Miami sets ambitious emissions goal: carbon neutral by 2050. How to get there isn't clear


The city government plans to go by 2050, a pledge that will change everything from what city employees drive to how the city builds to how it powers itself.

Miami became the first city in Florida and 96th in the world to join C40 Cities, an international climate organization that helps cities lower their carbon footprint. Mayor Francis Suarez, who signed the agreement Friday afternoon, called it a moral imperative for the city to cut its emissions

"If we really want to be here forever we can't just react to what mother nature is doing," he said. "We have to do everything in our power not to make matters worse, but to make matters better."

Exactly how the city plans to go carbon neutral, a hefty goal for a large and car-centric community, comes later. Miami's Climate Ready Plan will be released next week, and it tackles broad actions the city can take, like switching out gas-powered city cars for electric vehicles, installing more solar panels and enforcing energy efficiency in city buildings.

In recent years, Miami has largely chosen to address the 2 feet of sea level rise expected by 2060 with adaptation measures that address the effects of climate change, such as flooded streets, rising groundwater and hotter days. The force driving them—excess greenhouse gases in the atmosphere—has not been on the agenda.

Under activist pressure, that is starting to change. Miami just declared a "climate emergency," a symbolic gesture at the city's increased focus on the topic. Advocates have since pressed the city to commit to cutting its carbon footprint.

Susan Glickman, Florida director for the Southern Alliance for Clean Energy, called it a significant goal for the city.

"It's key to have local governments commit to meaningful targets to move the needle backwards on ," she said. "It's key to have cities like Miami show leadership. It shows the state of Florida, that has yet to take on any targets toward carbon emissions, that it's possible and it's important to do to avoid the worst implication of climate change."

Emily Gorman, chair of the Miami Climate Alliance, said her organization is more skeptical about the city's plans. They're waiting to see the exact steps the city plans to take.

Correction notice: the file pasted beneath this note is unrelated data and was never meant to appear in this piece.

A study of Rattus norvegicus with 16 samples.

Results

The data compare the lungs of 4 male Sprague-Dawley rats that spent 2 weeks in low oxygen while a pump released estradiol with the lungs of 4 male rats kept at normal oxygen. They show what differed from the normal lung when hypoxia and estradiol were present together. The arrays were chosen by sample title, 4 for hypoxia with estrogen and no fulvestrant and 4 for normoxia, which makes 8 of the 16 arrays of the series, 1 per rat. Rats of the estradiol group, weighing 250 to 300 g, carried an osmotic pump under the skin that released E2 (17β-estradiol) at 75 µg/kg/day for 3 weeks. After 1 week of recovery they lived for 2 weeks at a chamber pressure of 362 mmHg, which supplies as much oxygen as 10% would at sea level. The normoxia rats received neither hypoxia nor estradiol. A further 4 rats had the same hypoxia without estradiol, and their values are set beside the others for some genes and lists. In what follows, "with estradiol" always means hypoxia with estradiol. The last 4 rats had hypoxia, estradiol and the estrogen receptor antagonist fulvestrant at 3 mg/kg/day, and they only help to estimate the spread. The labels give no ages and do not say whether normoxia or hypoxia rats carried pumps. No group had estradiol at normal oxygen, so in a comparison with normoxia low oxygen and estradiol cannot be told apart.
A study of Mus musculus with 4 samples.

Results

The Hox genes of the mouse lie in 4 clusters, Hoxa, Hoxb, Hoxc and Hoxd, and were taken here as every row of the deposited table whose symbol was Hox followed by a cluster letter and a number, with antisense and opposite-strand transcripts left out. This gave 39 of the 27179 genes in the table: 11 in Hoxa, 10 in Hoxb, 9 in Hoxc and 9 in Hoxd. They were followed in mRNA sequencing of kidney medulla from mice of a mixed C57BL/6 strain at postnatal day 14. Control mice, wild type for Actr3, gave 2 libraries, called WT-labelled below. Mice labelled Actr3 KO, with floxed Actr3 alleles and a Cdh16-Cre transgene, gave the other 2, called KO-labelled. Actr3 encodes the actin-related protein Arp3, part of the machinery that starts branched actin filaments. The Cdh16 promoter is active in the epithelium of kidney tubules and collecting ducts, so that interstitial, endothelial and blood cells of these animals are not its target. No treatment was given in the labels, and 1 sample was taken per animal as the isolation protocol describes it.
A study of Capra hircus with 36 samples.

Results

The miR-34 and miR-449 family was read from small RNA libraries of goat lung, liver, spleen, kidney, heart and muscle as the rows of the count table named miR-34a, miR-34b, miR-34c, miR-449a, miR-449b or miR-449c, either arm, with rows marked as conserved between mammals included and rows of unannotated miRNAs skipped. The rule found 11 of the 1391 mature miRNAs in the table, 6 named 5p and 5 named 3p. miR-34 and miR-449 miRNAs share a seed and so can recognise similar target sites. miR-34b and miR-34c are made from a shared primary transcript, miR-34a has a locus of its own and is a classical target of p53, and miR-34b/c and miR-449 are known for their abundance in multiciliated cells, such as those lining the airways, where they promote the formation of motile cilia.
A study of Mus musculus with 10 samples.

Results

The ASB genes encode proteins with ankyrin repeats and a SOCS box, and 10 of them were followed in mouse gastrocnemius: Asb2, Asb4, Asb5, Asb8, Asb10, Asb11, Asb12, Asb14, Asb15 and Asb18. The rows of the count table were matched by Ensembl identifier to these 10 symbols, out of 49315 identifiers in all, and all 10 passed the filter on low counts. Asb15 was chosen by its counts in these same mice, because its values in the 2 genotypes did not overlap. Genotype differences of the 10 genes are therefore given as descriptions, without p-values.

"We are obviously very hopeful and glad to see the mayor is interested in bold climate action," she said. "But frankly, implementation is the nature of true leadership."

She hopes to see the city commit to 100% renewable energy, like South Miami had pledged to do. That doesn't include nuclear power from Turkey Point, which provides energy for much of South Florida. Nuclear power doesn't create emissions and is considered renewable energy, but some environmentalists like Gorman think the safety and pollution concerns declassify it as "."

Another priority for activists: that the transition to renewable energy doesn't just benefit the rich.

Gilbert said the city plans to work with C40 to come up with policies that both lower emissions and provide jobs and business opportunities for low-income parts of the community.

"It's important to frame our actions in how they're going to give us an economic return on investment and provide a source of living-wage jobs," she said. "We're not going to be able to spend a lot of money on something that only provides carbon mitigation. It's got to provide other returns."

Laura Jay, deputy regional director for C40's North America program, said her team helps cities put numbers on the side benefits of mitigation, like the health benefits of cleaner air or the new jobs a solar farm could provide. That makes it easier for mayors to pitch policies to their commissions.

"That helps bring cities to the table and showcase their leadership," Jay said.

They also connect staffers at cities across the globe to share success stories or tips. C40 tracks cities—like Boston, Paris and LA—to see if they meet their commitments.

Miami's last attempt to cut its emissions didn't go well. A 2008 plan to address climate change and the city's emissions called for Miami to cut emissions 25% below 2006 levels by the year 2020, to 3.6 million metric tons. The plan also called for annual updates on the city's progress.

Then came a recession and a new mayor.

"The mayor and manager at that time decided that was not the priority," Gilbert said.

In the meantime, Gilbert said, the city did a few things to lower its carbon footprint, like making older buildings more energy-efficient and switching park lighting to LEDs. Last year, the city swapped out 90 gas-powered cars in its fleet for electric hybrids.

But exactly how much better or worse the city's carbon emissions became in the last decade is unclear.

Miami is in the process of accounting for its greenhouse gas emissions now and hopes to be done by April. After that data is available, Gilbert said, the will set specific, new targets for reductions.

Miami-Dade County set its own emissions goals shortly after Miami first did, in 2010. The county's Greenprint plan called for a 10% reduction from 2008 levels by 2015.

"The County did not achieve this goal. In fact, emissions increased over this period," wrote Miami-Dade's Chief Resilience Officer, Jim Murley, in a statement. That came from a combination of more people driving more cars, more aviation emissions and higher emissions from industrial activity, he said.

So far the county has tackled its emissions with a new purchase of 33 electric buses and various programs, including one that requires buildings over 20,000 square feet to benchmark their use of electricity.

"In order to reach the 2050 goal of an 80% reduction, the community will need to implement meaningful resource conservation measures that include fuel, energy and waste reduction as well as investments in like solar and transitioning to more electric vehicles countywide," he said.